Actual spousal conversation….
Me: “…..so if you can get home for 6, I will have the baby in bed and we can be up on the ski hill by 7:00.”
Perfect husband: “OK, I can do that, I think my ski socks are still in my boots. Are you in the office tomorrow?”
Me: “No, I have to get a mammogram.”
Me: “So we can go skiing.”
PH: “ ….Wait, what?”
Me: “Mom won’t babysit unless I get a mammogram.”
PH: (silently wonders what the hell he married into).
You need some context for the above conversation. First, we are not good skiers. My husband says he finds skiing very tiring from “all the trying not to die”. I prefer to ski easy runs looking stylish, and save challenging runs for family nights, when I have to go slowly (for all the tiny knee high wonders that are learning). I am very understanding of their limitations. In short, we need all the practice we can get if we are ever going to be able to teach our kid how to ski. Or follow him down the hill after the little beggar learns on his own.
Second, my mother is Judy Caldwell. The odds of me missing a mammogram are about the same as me making the Russian gymnastics team. That being said, with work, and the baby, and the general business of life, it did take me four months to book a mammogram. Hence the babysitting blackmail.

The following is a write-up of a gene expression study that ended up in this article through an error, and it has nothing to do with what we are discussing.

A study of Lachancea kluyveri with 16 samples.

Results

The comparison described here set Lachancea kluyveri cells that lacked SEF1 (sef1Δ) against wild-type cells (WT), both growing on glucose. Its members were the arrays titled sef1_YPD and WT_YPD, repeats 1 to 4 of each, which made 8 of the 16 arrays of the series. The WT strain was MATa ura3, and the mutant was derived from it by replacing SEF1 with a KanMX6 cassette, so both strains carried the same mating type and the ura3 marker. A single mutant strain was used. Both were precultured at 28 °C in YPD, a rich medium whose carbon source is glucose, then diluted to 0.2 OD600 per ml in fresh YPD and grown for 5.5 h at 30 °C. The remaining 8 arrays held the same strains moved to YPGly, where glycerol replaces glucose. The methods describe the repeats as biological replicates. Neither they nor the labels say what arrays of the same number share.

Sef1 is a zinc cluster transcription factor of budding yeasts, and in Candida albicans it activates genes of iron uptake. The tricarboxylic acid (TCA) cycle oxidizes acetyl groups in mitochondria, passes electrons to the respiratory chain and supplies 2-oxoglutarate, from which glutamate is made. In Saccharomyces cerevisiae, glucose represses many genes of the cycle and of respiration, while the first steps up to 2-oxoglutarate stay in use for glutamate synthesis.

I booked my mammogram through the self-referral program on Tuesday. I had my mammogram on Thursday. The same week. I wasn’t thrilled at the prospect of being flattened and squeezed. I contemplated having pancakes for breakfast in honour of the experience. We made it to the BC Women’s Hospital by noon. 10 minutes later I was done. It was kind of anti-climactic.
Having a mammogram is easier than:
Having a baby;
Doing your taxes;
Finding a bathroom when you really need one;
Getting a baby into a car seat for the first, second, and third time;
Wondering whether you should have a mammogram;
Wondering whether you have breast cancer.
Second spousal conversation:
Me: “…..and I think that we should try to ski in the Interior this spring.”
PH: “What do you have to do for us to go away for a weekend? Tattoo the CBCF logo on one of your boobs?”
Me: “Would you have a problem with that?”
Chelsea Caldwell is a partner at Eichler Caldwell, Barristers & Solicitors, as well as a new mom, wife and proud daughter. Chelsea has been a lawyer for 10 years, litigating cases at all levels of court in British Columbia. She advocates for her clients vigorously and thanks her mom, Judy Caldwell, for teaching her how to convince and (gently) browbeat defendants with a smile. She has figured out how to feed a baby and type at the same time and has a sticky laptop as a result.